How vain it is to sit down to write when you have not stood up to live.
Henry David Thoreau
I read this quote the other day and it reminded me of my days in acting school. I moved to NYC when I was 19 to pursue my dreams of being an actor. I was living in a glorified closet with two other girls and a large cat. I didn’t like myself very much. I drank too much, I ate too much I was sad, broke, and lost in the big city. I was in class all the time learning technique and getting my “Jell-O back side” (her words) slapped by my ballet teacher. I spent my evening slaving at Barnes & Noble to have enough dollars to pay my rent. I spent long hours in classrooms, the theatre, and dance studio. I loved it and I hated it but mostly hated it only because it was a time in my life where I hated mostly everything. I spent two years at that school.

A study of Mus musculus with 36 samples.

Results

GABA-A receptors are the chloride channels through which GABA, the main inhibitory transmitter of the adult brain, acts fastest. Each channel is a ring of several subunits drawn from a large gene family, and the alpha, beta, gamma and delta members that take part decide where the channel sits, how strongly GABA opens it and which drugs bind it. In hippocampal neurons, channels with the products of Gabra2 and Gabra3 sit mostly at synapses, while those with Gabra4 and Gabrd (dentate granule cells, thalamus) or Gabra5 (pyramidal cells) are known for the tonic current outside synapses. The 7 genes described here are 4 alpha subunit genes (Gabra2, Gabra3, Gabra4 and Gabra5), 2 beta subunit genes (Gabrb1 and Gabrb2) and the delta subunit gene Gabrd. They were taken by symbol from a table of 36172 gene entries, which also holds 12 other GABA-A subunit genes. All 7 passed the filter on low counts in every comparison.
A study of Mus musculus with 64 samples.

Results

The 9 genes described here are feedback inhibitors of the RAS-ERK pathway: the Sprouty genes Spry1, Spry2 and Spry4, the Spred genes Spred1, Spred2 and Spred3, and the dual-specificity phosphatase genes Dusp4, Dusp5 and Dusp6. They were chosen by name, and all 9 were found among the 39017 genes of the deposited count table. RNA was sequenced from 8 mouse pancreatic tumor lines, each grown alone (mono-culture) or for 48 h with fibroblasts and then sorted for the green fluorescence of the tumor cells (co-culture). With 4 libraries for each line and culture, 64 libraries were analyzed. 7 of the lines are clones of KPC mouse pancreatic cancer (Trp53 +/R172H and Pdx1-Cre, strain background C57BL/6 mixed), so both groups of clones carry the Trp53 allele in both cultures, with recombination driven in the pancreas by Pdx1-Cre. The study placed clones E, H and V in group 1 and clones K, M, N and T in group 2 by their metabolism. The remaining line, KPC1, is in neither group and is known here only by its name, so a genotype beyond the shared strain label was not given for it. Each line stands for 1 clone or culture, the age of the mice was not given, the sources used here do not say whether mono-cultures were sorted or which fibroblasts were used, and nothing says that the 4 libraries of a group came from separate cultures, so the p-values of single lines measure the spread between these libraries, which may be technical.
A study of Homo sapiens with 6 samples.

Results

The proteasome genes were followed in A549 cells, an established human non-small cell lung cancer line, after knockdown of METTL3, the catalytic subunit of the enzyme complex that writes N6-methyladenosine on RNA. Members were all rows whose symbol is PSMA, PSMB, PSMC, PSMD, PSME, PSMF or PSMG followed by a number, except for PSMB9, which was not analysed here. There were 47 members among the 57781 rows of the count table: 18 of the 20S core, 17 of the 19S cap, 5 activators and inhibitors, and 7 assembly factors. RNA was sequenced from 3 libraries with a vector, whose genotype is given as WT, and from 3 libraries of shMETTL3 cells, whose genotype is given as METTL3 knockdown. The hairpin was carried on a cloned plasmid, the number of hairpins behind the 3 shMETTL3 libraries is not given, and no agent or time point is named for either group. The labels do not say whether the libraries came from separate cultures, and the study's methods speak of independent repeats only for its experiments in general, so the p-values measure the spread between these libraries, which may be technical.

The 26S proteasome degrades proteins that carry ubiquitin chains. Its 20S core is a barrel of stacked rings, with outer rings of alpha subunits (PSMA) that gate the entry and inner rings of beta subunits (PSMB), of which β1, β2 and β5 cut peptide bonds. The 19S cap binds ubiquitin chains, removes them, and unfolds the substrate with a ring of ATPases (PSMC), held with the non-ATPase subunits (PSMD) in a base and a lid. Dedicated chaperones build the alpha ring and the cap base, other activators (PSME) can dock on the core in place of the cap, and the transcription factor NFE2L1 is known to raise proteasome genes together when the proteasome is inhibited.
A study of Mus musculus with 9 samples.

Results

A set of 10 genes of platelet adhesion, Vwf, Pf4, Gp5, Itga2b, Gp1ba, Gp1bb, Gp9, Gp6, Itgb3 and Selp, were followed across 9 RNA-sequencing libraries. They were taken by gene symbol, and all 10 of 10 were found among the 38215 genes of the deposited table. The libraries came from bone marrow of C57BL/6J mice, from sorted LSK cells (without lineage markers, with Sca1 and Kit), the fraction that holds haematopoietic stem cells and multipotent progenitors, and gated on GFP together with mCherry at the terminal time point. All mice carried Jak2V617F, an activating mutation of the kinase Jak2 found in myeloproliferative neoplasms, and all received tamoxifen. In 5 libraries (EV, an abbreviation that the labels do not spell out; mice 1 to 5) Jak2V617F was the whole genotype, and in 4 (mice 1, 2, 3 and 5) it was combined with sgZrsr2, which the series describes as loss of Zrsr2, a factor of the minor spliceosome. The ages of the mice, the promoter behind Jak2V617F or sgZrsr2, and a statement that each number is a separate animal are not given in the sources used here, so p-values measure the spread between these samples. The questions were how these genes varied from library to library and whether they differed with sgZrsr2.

On my last day of class my teacher said to us. “Now forget everything I’ve taught you and go out there and get your heart broken.” As he spoke these words he leaned over his desk pressing his body into the side of his desk pointing his fingers at us tears filling his eyes.
I knew what he meant but I was petrified of the idea. As an artist I understood making art but living– really living scared the shit out of me. Still I knew (and know) I have to do it if I want to eventually create anything that’s any good.
I’m getting better at the living part, but it’s taking practice.
So what I want to say is just not to forget the living part of all of this, and how the living is where we begin.